Aug 5, 2014

Toledo Mayor Michael Collins has lifted the water ban put in place because of toxins from algae that contaminated Lake Erie.

Governor John Kasich says there will be an extensive review of how the water supply became tainted with a toxin from algae in Lake Erie. The algae feeds on phosphorous from farm runoff and old sewage systems. Business groups like the Ohio Farm Bureau Federation have opposed regulations to limit phosphorous. A state lawmaker is planning hearings and says he wants to hear from scientists who can say what's behind the algae. Some store owners in the Toledo area were charging up to 15 dollars for a case of bottled water before the ban was lifted. That prompted complaints to the Ohio Attorney General's office. AG Mike DeWine tells Ohio Public Radio's Jo Ingles he is taking those complaints seriously.

DeWine -= We are going to try to go after them and gather the evidence.  We would encourage anyone who thinks they have been the subject of price gouging or knows about it to call the Attorney General’s office.  That’s 1 -800- 282-0515 or just go up online to Ohioattorneygeneral.gov because we want this information.
 
Ingles - I’m sure the shop owners, if they are doing this, are probably saying “hey, we own the shop, it’s supply and demand, people up here really want water and we think this is really what it is worth because of the situation.” Is there an Ohio law that actually defines what price gouging is?
 
DeWine – There is not an Ohio law on price gouging.  However, the law does say that if a practice is unconscionable that it could be a violation.  And so it is an unfair and deceptive practice to dramatically increase the price of in stock products based solely on the response to current events.  And so we are going to look and see what the facts are but we would encourage people to give us more evidence, give us more examples because we are going to go after people who are doing this.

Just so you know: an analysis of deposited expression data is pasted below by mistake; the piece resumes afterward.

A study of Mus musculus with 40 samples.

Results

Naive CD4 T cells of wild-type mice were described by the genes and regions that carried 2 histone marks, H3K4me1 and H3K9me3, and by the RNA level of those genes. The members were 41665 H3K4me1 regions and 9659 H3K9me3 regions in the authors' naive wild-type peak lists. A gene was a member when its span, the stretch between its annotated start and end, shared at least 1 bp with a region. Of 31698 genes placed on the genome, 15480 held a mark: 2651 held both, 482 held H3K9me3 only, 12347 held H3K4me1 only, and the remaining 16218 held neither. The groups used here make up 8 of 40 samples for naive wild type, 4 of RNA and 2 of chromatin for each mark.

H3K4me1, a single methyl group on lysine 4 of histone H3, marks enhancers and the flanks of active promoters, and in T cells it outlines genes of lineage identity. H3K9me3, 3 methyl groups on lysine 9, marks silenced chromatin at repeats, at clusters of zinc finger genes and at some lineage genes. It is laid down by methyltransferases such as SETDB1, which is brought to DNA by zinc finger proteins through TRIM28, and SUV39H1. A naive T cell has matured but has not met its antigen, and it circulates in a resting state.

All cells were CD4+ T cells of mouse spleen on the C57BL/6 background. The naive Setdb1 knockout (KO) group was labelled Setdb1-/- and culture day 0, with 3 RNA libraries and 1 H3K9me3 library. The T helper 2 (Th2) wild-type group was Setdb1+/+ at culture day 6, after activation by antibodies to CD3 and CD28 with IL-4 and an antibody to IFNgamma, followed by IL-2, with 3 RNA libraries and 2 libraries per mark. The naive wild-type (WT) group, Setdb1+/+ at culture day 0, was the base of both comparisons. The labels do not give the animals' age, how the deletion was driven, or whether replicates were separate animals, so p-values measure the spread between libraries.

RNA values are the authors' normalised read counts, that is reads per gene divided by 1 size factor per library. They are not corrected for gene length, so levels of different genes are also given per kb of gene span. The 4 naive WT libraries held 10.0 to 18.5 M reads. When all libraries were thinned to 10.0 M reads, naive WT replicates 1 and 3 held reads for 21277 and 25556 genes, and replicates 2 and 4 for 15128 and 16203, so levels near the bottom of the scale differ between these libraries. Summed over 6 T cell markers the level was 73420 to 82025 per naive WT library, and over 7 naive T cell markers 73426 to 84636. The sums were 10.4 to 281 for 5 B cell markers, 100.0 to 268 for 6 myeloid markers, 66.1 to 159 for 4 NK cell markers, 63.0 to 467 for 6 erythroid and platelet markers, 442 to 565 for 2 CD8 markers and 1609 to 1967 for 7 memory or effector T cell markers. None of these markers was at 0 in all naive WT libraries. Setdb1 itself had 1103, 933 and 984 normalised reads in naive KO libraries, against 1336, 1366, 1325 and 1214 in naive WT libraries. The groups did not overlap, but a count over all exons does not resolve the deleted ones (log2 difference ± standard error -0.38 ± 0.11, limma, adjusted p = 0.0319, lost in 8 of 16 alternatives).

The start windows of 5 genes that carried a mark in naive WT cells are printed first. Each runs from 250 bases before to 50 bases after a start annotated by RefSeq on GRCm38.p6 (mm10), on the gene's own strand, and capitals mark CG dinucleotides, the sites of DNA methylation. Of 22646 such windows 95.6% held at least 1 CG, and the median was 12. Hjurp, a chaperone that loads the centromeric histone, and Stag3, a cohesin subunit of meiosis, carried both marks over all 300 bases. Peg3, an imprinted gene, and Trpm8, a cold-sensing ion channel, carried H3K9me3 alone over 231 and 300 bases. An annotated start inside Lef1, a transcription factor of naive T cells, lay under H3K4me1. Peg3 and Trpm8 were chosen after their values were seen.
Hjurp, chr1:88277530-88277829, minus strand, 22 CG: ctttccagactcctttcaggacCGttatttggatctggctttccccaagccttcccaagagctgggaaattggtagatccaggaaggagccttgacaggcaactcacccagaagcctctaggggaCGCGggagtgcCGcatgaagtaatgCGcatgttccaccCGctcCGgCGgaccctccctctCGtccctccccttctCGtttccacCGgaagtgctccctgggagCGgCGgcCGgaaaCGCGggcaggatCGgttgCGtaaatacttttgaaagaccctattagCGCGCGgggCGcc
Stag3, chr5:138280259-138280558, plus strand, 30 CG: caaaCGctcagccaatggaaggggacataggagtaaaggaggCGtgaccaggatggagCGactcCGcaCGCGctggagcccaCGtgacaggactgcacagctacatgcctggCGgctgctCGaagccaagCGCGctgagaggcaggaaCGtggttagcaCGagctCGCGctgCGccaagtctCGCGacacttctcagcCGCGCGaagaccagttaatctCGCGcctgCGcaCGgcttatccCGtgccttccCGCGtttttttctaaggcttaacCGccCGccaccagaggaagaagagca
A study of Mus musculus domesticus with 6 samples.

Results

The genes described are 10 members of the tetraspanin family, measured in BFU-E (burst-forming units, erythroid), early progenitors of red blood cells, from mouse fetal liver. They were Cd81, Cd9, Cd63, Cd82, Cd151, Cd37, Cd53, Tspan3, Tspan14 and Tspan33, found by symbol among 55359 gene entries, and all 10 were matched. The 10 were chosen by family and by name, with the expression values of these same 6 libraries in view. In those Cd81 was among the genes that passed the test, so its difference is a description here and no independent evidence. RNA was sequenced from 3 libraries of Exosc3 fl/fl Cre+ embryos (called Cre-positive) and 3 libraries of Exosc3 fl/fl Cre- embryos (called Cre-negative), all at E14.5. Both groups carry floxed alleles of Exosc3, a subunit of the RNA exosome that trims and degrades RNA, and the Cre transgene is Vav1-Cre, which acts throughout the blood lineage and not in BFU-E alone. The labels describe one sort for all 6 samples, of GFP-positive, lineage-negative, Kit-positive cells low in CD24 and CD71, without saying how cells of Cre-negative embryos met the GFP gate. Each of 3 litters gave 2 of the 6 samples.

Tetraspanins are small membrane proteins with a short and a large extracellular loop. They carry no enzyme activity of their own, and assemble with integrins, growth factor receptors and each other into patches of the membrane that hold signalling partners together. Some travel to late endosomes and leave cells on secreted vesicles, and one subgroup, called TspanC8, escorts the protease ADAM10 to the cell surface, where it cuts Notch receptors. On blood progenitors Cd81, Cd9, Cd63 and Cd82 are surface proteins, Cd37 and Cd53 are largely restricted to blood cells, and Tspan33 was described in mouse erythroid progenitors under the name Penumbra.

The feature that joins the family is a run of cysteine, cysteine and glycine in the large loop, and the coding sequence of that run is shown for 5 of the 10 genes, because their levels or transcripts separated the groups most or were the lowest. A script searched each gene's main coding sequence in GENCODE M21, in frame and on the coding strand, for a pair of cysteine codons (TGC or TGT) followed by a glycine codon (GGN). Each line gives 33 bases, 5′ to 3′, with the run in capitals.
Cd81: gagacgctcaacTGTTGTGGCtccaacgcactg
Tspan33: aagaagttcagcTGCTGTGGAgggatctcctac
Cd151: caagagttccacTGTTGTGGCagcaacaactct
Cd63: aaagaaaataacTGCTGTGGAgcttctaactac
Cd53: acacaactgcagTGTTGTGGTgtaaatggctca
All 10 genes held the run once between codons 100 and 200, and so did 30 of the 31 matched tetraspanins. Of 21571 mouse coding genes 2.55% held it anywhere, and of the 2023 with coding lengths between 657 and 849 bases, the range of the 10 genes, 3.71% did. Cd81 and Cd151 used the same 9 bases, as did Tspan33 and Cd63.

Ingles – What about just letting nature take its course.  I mean if people are really ticked off about this sort of thing, and they are not happy with store owners who are doing this, isn’t the best course of action for shoppers to quit shopping there?
 
DeWine – They certainly can do that and that would be a good remedy but my job as attorney general is to enforce Ohio law.  And if there are unconscionable actions being taken with the sale of a product, I have an obligation to become involved.
 
Ingles – How many of these businesses are you investigating right now?
 
DeWine – That number is changing and I can’t really comment on that.  
 
Ingles – Now that people in Toledo can drink their water again and it’s potable, do you think that this will put an end to the practice you are looking into?
 
DeWine – Well, I suspect it will put an end to this practice.  But for those individuals who literally held up people over the weekend, there should be consequences, again, if the evidence is there.  And that’s what we are doing is trying to amass the evidence.

DeWine says his office began investigating the complaints over the weekend. DeWine's opponent, Democrat David Pepper, criticizes the Republican incumbent for not acting sooner.